The size of your software solutions matters. As a developer, you should always be conscious of the effects that size and complexity have on development and what it translates into. In past articles (see end of article for links) I have looked at the early warning signs of design pattern abuse, how to better choose design patterns that fit and ways to improve your software design by keeping it simple. In this article I explore why you should consciously think about what you code and provide solid benefits for why you should produce smaller code.
- Smaller software is easier to maintain
- Smaller software poses less risk
Smaller programs are easier to maintain over longer periods of time. Why? They are often easier to understand and quicker for new developers to pick up and understand (there’s less to comprehend). Coding Horror has a nice metaphor for this; TL; DR (Too Long; Didn’t Read) syndrome (This is especially true when it comes to reading and comprehension). The larger and more complex anything is the quicker your brain switches into the TL; DR syndrome. Once there, it is much harder to reverse the effect. Think about how often you have gone to read something only to gloss over it because it was too long to quickly take in. Or when you attempted to learn or try something new but gave up before you really started. As humans we want to learn something, comprehend something, understand something, realise the benefits of something….. quickly. The more upfront effort you require somebody to invest in order to understand your program the more likely they are to fall into the TL;DR syndrome unless there is a compelling reason for them not to. Like most things, there needs to be some sort of reward for their time and effort. Tip: Pay careful attention to inheritance hierarchies and keep your relationships as simple as possible. Large inheritance hierarchies have a tendency to explode class numbers.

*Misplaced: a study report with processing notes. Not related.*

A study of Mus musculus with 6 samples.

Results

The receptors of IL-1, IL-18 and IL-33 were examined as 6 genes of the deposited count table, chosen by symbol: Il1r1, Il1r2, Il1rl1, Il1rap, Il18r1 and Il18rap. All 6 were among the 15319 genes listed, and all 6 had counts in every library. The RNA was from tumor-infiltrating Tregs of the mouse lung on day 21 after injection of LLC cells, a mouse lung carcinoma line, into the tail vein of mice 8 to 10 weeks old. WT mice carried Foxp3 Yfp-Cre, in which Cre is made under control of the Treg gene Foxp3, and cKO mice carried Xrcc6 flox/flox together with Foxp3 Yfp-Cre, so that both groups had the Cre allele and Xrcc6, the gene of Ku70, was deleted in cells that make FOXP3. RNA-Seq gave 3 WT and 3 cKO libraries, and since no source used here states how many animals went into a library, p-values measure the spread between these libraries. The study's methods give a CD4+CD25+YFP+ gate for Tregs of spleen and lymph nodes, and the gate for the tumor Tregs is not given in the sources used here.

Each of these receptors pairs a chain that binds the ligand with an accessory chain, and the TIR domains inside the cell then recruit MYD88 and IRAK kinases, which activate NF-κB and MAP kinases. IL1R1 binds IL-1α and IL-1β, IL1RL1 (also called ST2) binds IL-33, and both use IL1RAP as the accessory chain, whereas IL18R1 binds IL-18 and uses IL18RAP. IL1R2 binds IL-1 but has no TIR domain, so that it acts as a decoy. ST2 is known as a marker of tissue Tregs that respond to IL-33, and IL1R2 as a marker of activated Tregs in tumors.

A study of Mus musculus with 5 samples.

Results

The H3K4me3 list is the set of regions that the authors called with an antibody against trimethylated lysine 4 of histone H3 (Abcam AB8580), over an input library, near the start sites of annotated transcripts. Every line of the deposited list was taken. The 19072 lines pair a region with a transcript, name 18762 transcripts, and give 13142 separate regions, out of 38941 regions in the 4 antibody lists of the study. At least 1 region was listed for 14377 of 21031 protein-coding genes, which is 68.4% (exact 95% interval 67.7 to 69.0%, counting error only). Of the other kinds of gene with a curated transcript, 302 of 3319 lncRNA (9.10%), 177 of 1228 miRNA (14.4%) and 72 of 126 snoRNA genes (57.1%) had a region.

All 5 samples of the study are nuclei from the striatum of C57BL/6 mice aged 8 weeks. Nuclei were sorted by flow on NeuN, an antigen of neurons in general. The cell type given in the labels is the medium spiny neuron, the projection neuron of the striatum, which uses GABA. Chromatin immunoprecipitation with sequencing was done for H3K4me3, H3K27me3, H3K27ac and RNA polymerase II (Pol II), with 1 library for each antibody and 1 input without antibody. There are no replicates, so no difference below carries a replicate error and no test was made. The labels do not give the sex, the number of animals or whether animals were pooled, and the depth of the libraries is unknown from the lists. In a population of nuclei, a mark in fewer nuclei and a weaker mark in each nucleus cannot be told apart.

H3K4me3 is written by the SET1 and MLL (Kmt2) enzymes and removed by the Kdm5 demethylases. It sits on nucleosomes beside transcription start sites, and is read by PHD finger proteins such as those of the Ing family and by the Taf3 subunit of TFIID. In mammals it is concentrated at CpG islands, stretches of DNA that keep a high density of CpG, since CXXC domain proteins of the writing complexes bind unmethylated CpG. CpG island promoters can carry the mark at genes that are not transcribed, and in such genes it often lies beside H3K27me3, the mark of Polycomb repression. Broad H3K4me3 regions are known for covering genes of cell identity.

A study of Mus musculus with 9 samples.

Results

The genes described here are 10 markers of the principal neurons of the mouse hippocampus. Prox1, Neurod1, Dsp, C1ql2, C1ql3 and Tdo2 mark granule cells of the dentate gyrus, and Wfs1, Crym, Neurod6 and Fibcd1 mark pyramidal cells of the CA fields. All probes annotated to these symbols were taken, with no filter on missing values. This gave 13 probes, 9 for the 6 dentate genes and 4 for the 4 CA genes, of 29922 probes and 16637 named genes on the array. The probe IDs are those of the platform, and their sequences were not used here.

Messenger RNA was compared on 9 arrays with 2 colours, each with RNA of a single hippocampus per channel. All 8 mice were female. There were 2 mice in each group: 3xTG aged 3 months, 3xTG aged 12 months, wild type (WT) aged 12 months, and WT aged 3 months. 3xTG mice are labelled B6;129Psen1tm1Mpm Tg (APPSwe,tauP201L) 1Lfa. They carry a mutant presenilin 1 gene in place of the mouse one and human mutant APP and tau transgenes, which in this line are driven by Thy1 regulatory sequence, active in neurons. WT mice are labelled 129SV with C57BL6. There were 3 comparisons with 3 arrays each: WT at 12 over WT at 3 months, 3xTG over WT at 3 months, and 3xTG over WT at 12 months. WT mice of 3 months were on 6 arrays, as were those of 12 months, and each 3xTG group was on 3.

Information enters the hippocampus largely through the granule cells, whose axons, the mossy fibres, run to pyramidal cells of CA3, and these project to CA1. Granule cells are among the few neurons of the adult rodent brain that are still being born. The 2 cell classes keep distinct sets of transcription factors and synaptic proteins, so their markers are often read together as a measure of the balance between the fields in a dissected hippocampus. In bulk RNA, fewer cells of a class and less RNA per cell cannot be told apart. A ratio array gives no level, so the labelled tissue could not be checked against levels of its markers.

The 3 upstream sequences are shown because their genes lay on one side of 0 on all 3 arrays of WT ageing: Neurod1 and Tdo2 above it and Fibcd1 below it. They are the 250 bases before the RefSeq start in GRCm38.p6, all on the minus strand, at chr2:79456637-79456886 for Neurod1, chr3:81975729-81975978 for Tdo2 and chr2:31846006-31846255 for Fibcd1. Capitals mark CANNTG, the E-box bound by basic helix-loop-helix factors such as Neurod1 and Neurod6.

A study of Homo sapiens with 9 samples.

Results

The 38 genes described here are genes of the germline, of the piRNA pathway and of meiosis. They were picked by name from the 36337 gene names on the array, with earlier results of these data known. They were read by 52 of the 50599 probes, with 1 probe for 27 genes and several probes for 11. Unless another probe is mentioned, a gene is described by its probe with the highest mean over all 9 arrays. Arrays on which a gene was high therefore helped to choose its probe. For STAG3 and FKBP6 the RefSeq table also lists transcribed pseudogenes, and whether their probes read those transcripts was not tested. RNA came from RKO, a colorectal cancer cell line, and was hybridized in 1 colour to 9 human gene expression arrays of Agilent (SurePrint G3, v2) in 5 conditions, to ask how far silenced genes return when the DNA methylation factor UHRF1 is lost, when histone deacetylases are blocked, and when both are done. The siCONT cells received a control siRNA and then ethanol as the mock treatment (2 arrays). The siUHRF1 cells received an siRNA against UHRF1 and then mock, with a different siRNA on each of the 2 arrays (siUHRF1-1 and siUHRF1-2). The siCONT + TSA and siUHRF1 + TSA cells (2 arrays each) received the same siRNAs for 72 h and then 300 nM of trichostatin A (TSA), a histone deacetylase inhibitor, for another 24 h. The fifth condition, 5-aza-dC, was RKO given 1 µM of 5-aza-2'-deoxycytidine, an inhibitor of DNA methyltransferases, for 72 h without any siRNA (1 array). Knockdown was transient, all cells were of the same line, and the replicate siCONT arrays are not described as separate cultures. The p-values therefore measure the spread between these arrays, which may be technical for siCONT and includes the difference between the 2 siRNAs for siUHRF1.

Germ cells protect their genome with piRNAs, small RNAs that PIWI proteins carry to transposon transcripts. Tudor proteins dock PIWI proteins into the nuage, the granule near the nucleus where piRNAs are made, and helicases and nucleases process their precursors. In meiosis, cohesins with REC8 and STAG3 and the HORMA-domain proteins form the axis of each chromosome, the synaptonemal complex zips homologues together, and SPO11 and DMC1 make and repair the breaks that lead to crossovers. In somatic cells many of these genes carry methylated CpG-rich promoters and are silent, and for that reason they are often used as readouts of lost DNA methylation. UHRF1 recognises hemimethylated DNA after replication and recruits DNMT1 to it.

Smaller programs inherently carry less risk. Smaller projects are often:
- Easier to understand
- Easier to define
- Easier to explain
- Easier to maintain
- Easier to predict (predictability is a big part of software risk)
- Carries less unknowns
You don’t want code that is so large you have to avoid refactoring, or cannot poke around in it for fear of something collapsing. When code gets to this size, it either quickly begins to die because it is no longer manageable or it quickly loses support; the code is frozen in fear of it breaking.
Coding Horror advocates the relationship between lines of code and bugs is completely linear but I don’t know whether this relationship is necessarily true. Some code due its algorithmic complexity (Think Big O notation) [http://www.cs.wisc.edu/~hasti/cs367-common/notes/COMPLEXITY.html] is surely more likely to incur bugs than less complex code.
However, as a general rule of thumb I think it would be safe to infer that the fewer the lines of code the fewer the bugs. Or with every extra line of code, you increase your likelihood of introducing bugs.
Whilst it does depend exactly on what your software is doing and how computationally expensive the operations are, generally speaking, smaller is faster. The fewer lines of code required to perform a task the quicker it executes. This is especially true for small tasks that are repeated over and over again. Logically any savings you can make are also saved over and over again.
The smaller your software is (with respect to classes and functions) the easier it is to test; for the simple reason that there is less code that needs to be tested. The importance of this is that your test coverage is likely to be much higher than if you software was quite large requiring considerably more test code.
In summary, smaller software is…
Keep your software small, keep it simple. Doing so will make your code easier to understand and easier to test (because there is less of it). You will end up with a product that has fewer defects, yields greater quality and improved performance by avoiding bloating or overly complicating things that need not be.